Two words that should have nothing to do with each other, but for millions of people in today’s society, have become entwined.
The gigantic bus parked outside of DeMoss on Monday, Aug. 5, with these two words splashed across it may have confused onlookers, but inside, a group of five recent college graduates were planning and praying as they sought to bring awareness of child sex trafficking to another city on their 50 state tour with their documentary, Sex and Money.
According to the film, sex trafficking is the second largest criminal industry in the world. While awareness of global sex trafficking has increased, many Americans are unaware that it is happening in their own backyards.
“We have an acute awareness of trafficking happening in places like Asia or Eastern Europe and nobody thinks that slavery is happening in the United States or in their city, in their suburb or in their small town,” the film said.
“The only way not to find this problem in any city is simply not to look for it,” Ernie Allen, president of the National Center for Exploited and Missing Children, said in the film.
Freshman Jillian Floyd said she was shocked at how severe the problem of sex trafficking was in America.
“I knew that it went on a little bit, but I had no idea that the numbers were so significant. It’s really convicting to know that that’s going on and you have no idea about it,” Floyd said.
The numbers truly were hard to ignore. According to the film, approximately 100 thousand children are victims of child prostitution and child trafficking each year. That’s the equivalent of the Vines Center filled to its maximum capacity 10 times. The average age when children enter into child prostitution or trafficking is 12 to 14.
Many of these victims are runaways who are trying to escape broken homes full of abuse, violence and, more times than not, sexual abuse. The film dissects how the victims’ home situation has usually warped the mindset of the victim, making them believe that their validity comes from men and that their identity and worth lies in their sexuality.
“It was just heartbreaking to see how these women viewed themselves when God sees them in such a beautiful and amazing way. It’s sad to see how they need men to see them a certain way to have self worth when all their worth is (really) found in Christ,” sophomore Elizabeth Chadwick said.
Unfortunately, these young women run straight into the hands of people who all too willingly take advantage of them and make a profit doing so. And, according to the film, society’s common image of a pimp, or someone who picks up a prostitute, is very off. The film states that the buyer includes all types of people. Ninety-five percent of buyers are married men and 75 percent are white. The fact that the buyer could include anyone from doctors to construction workers to teachers to pastors was the most shocking part of the film for sophomore Sarah Mae Hines.
“I was surprised to know that a lot of average people partake in it. It’s not just gangs, but lawyers, pastors and a lot of people struggle with that sin,” Hines said.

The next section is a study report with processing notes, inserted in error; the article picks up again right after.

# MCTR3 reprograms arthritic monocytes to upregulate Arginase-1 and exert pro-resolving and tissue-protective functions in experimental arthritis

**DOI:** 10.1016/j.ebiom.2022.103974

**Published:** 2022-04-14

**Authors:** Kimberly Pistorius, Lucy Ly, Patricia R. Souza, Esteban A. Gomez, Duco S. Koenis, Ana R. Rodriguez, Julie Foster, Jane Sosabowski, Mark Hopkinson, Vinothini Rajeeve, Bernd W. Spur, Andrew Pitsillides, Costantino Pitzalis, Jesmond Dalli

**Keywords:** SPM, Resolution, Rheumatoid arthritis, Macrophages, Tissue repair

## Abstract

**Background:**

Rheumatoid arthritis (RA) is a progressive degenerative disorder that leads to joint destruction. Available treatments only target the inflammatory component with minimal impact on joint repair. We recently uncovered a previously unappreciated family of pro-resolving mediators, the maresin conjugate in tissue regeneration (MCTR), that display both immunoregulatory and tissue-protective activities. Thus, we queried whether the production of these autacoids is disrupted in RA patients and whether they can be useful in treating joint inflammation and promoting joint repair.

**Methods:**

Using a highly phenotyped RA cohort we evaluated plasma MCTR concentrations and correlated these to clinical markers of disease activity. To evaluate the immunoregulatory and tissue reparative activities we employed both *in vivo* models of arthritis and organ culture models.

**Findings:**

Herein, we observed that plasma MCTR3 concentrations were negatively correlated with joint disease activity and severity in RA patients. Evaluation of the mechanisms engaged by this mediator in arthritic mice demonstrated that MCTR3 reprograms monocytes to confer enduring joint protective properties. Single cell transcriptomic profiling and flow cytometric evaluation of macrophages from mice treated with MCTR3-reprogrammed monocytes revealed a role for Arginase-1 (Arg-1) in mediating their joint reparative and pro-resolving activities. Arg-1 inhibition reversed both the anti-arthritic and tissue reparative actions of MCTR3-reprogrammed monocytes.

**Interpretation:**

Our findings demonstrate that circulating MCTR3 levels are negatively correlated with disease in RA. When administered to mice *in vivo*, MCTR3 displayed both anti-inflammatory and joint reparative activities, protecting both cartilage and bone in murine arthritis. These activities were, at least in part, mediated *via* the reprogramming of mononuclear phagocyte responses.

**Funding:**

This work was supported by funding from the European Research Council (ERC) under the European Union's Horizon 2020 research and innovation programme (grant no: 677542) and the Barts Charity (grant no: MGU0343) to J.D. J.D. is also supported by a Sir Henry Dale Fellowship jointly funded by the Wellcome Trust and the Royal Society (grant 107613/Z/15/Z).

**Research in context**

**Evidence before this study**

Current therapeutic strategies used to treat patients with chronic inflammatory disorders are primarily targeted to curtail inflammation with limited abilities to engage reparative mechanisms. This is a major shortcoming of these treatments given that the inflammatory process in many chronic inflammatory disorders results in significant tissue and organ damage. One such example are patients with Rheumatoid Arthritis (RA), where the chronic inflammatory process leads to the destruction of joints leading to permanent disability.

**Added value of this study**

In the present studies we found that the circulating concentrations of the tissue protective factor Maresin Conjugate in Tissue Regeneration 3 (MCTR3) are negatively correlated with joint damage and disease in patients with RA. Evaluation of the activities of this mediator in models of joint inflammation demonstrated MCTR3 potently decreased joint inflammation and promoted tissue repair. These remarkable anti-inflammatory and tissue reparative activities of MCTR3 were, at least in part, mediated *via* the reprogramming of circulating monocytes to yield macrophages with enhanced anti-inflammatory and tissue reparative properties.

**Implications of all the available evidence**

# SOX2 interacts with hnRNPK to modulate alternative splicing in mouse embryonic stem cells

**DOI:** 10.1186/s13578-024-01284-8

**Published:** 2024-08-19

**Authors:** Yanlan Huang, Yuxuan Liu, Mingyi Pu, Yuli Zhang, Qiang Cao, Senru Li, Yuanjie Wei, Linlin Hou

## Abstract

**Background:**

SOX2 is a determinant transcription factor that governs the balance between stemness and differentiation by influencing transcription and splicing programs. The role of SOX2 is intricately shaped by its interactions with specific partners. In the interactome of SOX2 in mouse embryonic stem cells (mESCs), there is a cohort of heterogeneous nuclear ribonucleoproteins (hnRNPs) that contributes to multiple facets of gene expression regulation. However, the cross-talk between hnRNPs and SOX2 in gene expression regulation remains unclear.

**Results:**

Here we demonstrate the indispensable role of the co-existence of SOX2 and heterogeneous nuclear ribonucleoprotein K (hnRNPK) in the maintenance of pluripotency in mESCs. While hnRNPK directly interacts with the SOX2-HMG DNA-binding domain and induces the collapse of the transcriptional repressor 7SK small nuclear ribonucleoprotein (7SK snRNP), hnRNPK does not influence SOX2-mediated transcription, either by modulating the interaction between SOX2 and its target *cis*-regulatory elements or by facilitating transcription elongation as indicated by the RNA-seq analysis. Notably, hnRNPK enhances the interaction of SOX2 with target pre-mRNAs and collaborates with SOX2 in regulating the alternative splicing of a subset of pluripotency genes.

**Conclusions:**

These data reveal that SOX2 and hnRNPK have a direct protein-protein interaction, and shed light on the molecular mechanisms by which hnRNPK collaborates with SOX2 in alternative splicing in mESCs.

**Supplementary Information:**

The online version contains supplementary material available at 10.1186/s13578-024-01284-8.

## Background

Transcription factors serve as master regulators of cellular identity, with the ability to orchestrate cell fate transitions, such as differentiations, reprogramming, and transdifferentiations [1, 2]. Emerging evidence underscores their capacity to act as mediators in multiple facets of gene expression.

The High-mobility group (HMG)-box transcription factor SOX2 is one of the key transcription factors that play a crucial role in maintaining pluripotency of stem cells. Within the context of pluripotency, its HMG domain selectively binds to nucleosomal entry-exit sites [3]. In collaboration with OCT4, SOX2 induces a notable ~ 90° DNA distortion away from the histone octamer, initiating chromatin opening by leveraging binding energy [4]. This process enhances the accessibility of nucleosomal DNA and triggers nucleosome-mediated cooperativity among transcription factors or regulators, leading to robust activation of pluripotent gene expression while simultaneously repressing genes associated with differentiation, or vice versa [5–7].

However, the film did not place the blame solely on the buyers. The team of filmmakers explored the root cause of the issue, exploring the role that the pornography industry and the sexualization of America has had on sex trafficking and child prostitution. The documentary points out how in today’s mainstream media, the word pimp is carelessly thrown around in shows such as ‘Pimp My Ride’ and songs such as Jay Z’s ‘Big Pimpin.’ A former child prostitute points out how the movie ‘Pretty Woman’ glamorized the lifestyle of a prostitute for her and had a big influence on her decision to run away and become a prostitute.
“(But) it’s not reality. It’s not showing behind the scenes,” the woman said.
The documentary ended with how people could take action and stop the horrific acts of child trafficking and prostitution. Sex and Money pointed out that what really needed to happen was a cultural shift and a change in the sexual mindset so pervading American society today.
“What one generation allows, the next generation embraces,” were the final, thought provoking words that lingered on the screen as students across the Towns Alumni Hall applauded and Executive Producer Morgan Perry took the stage.
“We cannot fight this injustice without the Lord,” Perry said.
Perry shared her testimony and how the Lord convicted her, after a personal journey of healing and restoration, as she dealt with issues of past abuse to make this film.
The night ended with a time of prayer and worship, as students came forward to respond to what they had just seen.
Law student Tony Stimson spent months organizing the Sex and Money screening and said that for him, this was the most memorable part of the evening.
“God moved so powerfully, bringing healing to many who had a past of sexual abuse, delivering people from addictions, and healing scars. It was a beautiful time of God’s people crying out to Him and He was responding,” Stimson said.
For more information about the film or to find out how you can be involved in the fight against sex trafficking, check out www.sexandmoneyfilm.com . Also, check out Liberty’s new ministry, Beauty for Ashes, which will seek to help women involved in the sex industry.